Posted by: admin November 29, 2017 Leave a comment

Questions:

This question already has an answer here:

Answers:

Exception chaining is only available in Python 3, where you can write:

try:
    v = {}['a']
except KeyError as e:
    raise ValueError('failed') from e

which yields an output like

Traceback (most recent call last):
  File "t.py", line 2, in <module>
    v = {}['a']
KeyError: 'a'

The above exception was the direct cause of the following exception:

Traceback (most recent call last):
  File "t.py", line 4, in <module>
    raise ValueError('failed') from e
ValueError: failed

In most cases, you don’t even need the from; Python 3 will by default show all exceptions that occured during exception handling, like this:

Traceback (most recent call last):
  File "t.py", line 2, in <module>
    v = {}['a']
KeyError: 'a'

During handling of the above exception, another exception occurred:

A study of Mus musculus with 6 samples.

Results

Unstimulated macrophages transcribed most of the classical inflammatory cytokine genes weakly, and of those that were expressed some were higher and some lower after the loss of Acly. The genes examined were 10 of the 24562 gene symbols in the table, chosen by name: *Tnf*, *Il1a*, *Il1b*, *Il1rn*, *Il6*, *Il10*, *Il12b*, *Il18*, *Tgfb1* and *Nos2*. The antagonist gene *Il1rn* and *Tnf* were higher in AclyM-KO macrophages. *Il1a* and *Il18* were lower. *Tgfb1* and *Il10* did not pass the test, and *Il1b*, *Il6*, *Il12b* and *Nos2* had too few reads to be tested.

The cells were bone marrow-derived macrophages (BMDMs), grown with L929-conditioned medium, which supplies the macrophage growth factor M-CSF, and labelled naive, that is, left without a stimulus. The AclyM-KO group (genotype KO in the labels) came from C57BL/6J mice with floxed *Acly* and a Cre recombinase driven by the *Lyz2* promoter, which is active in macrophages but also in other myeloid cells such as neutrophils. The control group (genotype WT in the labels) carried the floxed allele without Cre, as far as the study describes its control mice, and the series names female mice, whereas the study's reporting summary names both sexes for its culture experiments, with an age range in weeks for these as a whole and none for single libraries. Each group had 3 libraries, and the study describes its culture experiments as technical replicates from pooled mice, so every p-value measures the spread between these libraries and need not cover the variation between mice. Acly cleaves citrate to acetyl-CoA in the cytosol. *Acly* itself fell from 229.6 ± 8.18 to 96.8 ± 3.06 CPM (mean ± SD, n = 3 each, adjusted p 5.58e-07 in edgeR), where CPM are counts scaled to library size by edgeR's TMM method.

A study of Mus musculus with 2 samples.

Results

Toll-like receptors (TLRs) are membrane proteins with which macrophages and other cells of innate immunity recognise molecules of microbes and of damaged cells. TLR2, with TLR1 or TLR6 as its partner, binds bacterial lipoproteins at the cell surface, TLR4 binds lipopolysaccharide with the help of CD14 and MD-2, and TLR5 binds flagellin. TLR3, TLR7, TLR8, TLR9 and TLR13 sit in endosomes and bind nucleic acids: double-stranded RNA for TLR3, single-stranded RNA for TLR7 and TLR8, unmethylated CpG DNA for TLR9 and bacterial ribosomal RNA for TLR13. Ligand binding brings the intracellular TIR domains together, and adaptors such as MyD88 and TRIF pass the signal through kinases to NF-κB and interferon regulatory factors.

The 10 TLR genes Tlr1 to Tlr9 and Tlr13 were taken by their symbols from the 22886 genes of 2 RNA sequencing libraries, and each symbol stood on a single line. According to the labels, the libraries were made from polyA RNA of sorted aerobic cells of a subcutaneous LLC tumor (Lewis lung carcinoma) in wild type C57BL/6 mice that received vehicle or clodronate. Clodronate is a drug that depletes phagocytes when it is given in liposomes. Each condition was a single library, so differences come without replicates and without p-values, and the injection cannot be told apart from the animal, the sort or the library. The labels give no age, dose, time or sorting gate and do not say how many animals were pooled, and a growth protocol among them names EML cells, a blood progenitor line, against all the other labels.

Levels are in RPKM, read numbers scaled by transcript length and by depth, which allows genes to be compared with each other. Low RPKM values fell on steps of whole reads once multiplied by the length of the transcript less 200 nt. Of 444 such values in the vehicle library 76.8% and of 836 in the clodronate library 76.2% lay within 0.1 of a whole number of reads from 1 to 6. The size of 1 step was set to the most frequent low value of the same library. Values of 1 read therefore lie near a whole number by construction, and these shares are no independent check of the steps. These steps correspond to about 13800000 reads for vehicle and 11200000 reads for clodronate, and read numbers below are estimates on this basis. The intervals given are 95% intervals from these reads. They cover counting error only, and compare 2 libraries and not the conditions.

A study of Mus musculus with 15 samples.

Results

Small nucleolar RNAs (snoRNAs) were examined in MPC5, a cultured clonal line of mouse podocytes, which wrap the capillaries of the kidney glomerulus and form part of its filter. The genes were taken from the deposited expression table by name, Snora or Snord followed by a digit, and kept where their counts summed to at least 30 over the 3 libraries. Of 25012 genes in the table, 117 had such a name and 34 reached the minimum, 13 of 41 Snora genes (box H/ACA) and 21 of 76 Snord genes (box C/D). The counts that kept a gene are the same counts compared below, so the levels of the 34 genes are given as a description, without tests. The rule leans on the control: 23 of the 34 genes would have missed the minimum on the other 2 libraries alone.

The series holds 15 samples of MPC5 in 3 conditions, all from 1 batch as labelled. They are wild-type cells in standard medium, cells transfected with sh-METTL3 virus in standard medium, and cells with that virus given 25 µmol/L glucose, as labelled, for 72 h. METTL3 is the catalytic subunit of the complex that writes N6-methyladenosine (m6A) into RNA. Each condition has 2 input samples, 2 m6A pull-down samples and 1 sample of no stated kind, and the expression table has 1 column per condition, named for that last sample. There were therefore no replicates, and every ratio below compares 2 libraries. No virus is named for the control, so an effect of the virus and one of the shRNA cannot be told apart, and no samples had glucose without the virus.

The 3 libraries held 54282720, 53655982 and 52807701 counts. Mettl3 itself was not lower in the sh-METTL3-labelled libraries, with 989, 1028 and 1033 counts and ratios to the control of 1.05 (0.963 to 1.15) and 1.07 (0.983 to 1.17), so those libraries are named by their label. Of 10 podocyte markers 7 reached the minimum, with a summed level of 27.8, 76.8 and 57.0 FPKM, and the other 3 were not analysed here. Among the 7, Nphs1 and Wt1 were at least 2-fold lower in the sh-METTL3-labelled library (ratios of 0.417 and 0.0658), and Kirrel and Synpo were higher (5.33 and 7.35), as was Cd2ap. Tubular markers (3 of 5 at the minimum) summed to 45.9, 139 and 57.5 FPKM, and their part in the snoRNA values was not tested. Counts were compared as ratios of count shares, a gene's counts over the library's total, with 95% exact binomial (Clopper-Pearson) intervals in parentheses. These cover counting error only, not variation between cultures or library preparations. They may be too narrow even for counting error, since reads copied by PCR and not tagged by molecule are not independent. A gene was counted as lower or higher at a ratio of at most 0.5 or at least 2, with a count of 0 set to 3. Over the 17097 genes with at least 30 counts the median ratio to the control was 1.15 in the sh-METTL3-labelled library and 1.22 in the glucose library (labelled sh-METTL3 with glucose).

Traceback (most recent call last):
  File "t.py", line 4, in <module>
    raise ValueError('failed')
ValueError: failed

What you can do in Python 2 is adding custom attributes to your exception class, like:

class MyError(Exception):
    def __init__(self, message, cause):
        super(MyError, self).__init__(message + u', caused by ' + repr(cause))
        self.cause = cause

try:
    v = {}['a']
except KeyError as e:
    raise MyError('failed', e)

Questions:
Answers:

Is this what you’re asking for?

class MyError(Exception):
    def __init__(self, other):
        super(MyError, self).__init__(other.message)

>>> try:
...     1/0
... except Exception, e:
...     raise MyError(e)
Traceback (most recent call last):
  File "<pyshell#27>", line 4, in <module>
    raise MyError(e)
MyError: division by zero

If you want to store the original exception object, you can certainly do so in your own exception class’s __init__. You might actually want to store the traceback as the exception object itself doesn’t provide much useful information about where the exception occurred:

class MyError(Exception):
    def __init__(self, other):
        self.traceback = sys.exc_info()
        super(MyError, self).__init__(other.message)

After this you can access the traceback attribute of your exception to get info about the original exception. (Python 3 already provides this as the __traceback__ attribute of an exception object.)